Road Bike Maintenance : Learn Road Bike Gearing Tips

Road Bike Maintenance : Learn Road Bike Gearing Tips


Like we want on a mountain bike, we have a
choice of several different size ranges for both our smallest cog and largest cog on a
road bike. If you’re used to mountain biking, you probably want to go with one of the larger
available sizes. In this specific case, for the Shimano nine speed, the largest cog you
can get is a 27. The overall gear range that gives me is 12-27, which, there’s a drawback
to that in that I have a wider range — a bigger jump — between cogs, which isn’t quite
as smooth, but it allows me to have significantly lower climbing gears than I would otherwise.
I can swap things out, like a 23-tooth cassette like this — this is just the top three cogs,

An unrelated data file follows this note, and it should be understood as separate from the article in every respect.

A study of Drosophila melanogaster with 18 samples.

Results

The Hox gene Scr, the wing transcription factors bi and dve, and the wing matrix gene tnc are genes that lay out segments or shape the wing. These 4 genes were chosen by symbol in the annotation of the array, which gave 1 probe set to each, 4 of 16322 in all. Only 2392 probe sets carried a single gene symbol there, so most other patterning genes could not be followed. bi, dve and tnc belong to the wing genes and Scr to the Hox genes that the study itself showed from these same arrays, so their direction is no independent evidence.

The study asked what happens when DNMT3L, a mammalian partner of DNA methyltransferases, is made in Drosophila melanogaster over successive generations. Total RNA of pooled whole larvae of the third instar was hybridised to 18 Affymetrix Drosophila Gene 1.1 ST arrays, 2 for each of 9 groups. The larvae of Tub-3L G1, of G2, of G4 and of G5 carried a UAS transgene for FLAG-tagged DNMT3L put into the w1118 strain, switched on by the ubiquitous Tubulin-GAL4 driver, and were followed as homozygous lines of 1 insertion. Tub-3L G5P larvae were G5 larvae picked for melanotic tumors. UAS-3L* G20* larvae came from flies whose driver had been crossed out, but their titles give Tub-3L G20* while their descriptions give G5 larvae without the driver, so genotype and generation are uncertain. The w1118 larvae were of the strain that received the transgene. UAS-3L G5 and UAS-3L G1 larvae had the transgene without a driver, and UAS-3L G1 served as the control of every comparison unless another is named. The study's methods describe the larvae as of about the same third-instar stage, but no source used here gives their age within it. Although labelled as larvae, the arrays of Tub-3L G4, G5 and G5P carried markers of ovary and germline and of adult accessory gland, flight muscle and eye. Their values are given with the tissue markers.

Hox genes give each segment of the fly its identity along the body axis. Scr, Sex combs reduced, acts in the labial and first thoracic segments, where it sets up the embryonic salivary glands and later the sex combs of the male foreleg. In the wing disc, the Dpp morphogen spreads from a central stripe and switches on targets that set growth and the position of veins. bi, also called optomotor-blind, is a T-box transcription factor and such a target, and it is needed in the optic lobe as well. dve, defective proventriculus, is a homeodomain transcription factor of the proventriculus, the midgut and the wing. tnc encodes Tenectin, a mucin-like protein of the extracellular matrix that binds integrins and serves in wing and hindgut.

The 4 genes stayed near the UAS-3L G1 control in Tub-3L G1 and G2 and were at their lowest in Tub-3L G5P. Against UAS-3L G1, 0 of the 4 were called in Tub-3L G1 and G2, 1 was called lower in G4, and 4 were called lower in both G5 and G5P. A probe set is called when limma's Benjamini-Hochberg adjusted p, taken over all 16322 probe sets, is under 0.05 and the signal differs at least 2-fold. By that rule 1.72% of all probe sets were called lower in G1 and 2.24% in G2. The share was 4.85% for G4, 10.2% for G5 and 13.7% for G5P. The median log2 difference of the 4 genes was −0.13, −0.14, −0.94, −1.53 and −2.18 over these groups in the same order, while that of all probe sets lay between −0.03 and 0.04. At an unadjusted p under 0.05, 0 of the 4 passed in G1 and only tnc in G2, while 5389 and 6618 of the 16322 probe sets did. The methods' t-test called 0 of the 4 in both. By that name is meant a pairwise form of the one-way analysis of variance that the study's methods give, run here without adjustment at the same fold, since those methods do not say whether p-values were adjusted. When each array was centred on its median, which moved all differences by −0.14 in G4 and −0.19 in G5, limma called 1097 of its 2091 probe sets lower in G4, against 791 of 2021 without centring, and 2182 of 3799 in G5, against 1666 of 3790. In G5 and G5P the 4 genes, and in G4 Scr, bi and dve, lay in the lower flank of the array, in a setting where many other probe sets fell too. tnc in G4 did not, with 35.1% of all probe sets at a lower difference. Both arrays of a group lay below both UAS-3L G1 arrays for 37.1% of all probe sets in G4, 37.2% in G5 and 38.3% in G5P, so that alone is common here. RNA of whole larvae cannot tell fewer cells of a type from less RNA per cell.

but the 23-tooth cassette is going to give me tighter spacing in the mid-range of the
cassette, where I should be spending most of my time. Which is nice, for those slight
changes in pace, you can really keep putting out the same effort instead of having to really
spin a gear that’s far too easy or really chug in a gear that’s too hard. So, just know
that the largest cassette that you can run with a road-style derailleur is between 27
and 30 teeth, depending on the manufacturer. If you want a bigger cassette like you could
have on your mountain bike — what you can do, if you’re running Shimano stuff, is you
can change out to a mountain bike derailleur from a road derailleur — something with a
longer cage. It’s designed to shift across more teeth, and it’s going to enable you to
work a little bit easier getting up the hills.